ENVIRONMENT WATCH:

Prominent Scientists Join Call for UN Moratorium on Longline Fishing

705 International Scientists from 83 countries Have Signed

Source: Robert Ovetz, PhD, The Sea Turtle Restoration Project

Each year, in addition to endangering sea turtles, about 4.4 million sharks, seabirds, billfish and marine mammals maimed and killed by longlines in the Pacific.
World-renowned primatologist Dr. Jane Goodall, DBE, Founder of the Jane Goodall Institute and UN Messenger of Peace, has added her voice to 705 international scientists from 83 countries who are urging the UN to implement a moratorium on longline fishing in the Pacific Ocean to prevent the extinction of the critically endangered leatherback sea turtle. The scientists are joined by 230 non-governmental organizations from 54 countries. The list of signers includes biologist E.O. Wilson, oceanographer Dr. Sylvia Earle, a National Geographic Explorer-in-Residence, and former US astronaut William Harris, M.D.

According to the statement, “An International Call by Leading Scientists to Reverse the Pacific Leatherback's Extinction Trajectory,” the scientists warn that “The Pacific leatherback sea turtle is at the top of the list of species being driven to the brink of extinction by increased efforts of global industrial fishing.” Also impacted are about 4.4 million sharks, seabirds, billfish and marine mammals maimed and killed by longlines in the Pacific each year.

“Sea Turtles are endangered everywhere. Unless there is a concerted effort by all the groups and individuals who care, the Pacific Leatherback Sea Turtle is almost certainly doomed to extinction. And these efforts would be greatly strengthened by the support of the United Nations,” said Dr. Jane Goodall, DBE, in a prepared statement to the press. “How tragic it would be if future generations know these wonderful animals only from photographs and films.”

Because sea turtles are migratory, traveling thousands of miles each year to nest, an international solution is needed.

The female nesting population of highly migratory leatherback sea turtles in the Pacific Ocean has collapsed by 95 per cent since 1980. Eminent scientists warn that the leatherback could go extinct in 5-30 years unless the threat from longline fishing is reduced. Because sea turtles are migratory, traveling thousands of miles each year to nest, an international solution is needed.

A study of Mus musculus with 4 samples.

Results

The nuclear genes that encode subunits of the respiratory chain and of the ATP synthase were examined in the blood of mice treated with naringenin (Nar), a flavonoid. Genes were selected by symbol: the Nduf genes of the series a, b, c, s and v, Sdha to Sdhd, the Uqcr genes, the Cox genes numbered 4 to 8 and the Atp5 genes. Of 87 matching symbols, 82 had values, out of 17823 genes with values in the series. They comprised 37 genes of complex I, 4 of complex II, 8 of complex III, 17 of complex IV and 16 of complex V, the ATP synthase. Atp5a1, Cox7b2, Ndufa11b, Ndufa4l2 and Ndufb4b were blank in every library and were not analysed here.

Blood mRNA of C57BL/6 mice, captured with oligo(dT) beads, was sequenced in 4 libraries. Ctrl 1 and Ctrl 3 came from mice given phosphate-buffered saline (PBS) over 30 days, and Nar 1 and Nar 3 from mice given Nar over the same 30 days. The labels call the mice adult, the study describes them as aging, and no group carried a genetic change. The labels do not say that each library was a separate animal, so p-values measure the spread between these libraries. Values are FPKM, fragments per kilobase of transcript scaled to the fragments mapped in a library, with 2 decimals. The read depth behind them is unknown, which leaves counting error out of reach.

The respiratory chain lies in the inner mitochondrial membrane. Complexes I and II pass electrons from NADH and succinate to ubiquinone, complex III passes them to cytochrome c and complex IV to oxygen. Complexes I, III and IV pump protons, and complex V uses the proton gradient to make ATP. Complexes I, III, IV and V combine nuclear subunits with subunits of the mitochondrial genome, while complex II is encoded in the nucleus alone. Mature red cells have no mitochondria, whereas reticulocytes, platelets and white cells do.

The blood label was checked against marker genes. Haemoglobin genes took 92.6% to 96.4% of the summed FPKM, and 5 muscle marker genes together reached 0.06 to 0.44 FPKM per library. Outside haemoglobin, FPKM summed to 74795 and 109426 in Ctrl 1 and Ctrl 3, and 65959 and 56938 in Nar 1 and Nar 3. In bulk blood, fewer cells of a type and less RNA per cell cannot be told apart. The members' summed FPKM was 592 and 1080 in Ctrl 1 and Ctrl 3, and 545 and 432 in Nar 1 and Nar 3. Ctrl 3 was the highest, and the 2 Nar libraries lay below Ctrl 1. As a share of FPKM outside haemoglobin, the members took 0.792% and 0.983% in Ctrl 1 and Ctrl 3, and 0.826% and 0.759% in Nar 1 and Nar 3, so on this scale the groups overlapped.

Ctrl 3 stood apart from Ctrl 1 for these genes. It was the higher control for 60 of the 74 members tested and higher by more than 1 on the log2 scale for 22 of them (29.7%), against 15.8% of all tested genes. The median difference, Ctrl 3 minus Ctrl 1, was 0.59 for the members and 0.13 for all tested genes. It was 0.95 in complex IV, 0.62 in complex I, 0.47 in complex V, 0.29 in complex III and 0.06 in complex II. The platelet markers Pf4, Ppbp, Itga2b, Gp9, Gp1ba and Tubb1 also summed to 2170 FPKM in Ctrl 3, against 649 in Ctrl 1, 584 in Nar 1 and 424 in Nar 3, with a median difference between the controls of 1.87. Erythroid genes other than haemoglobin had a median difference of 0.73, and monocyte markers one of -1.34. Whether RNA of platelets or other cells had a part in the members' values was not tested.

The UN General Assembly passed a resolution last November calling for prohibitions of destructive fishing practices. The first place to start, according to the Sea Turtle Restoration Project, is by implementing a moratorium on longline fishing. In the past, the UN has banned destructive fishing methods, such as through the international moratorium on high seas driftnetting.

The petitions, originally submitted to the UN in February 2003 with the names of 413 international scientists and 113 NGOs, have not yet received a formal response from the United Nations Convention on the Law of the Sea (UNCLOS).


The scientist petition is available here.

The NGO petition is available here.

The Sea Turtle Restoration Project is a California-based marine conservation organization that works to protect sea turtles and other marine species in the United States and in countries around the world. For more information, visit: seaturtles.org and savetheleatherback.com.

Robert Ovetz, coordinator of the Save the Leatherback Campaign, may be reached at robert@seaturtles.org.



Copyright © 2005 The Baltimore Chronicle. All rights reserved.

Republication or redistribution of Baltimore Chronicle content is expressly prohibited without their prior written consent.

This story was published on February 2, 2005.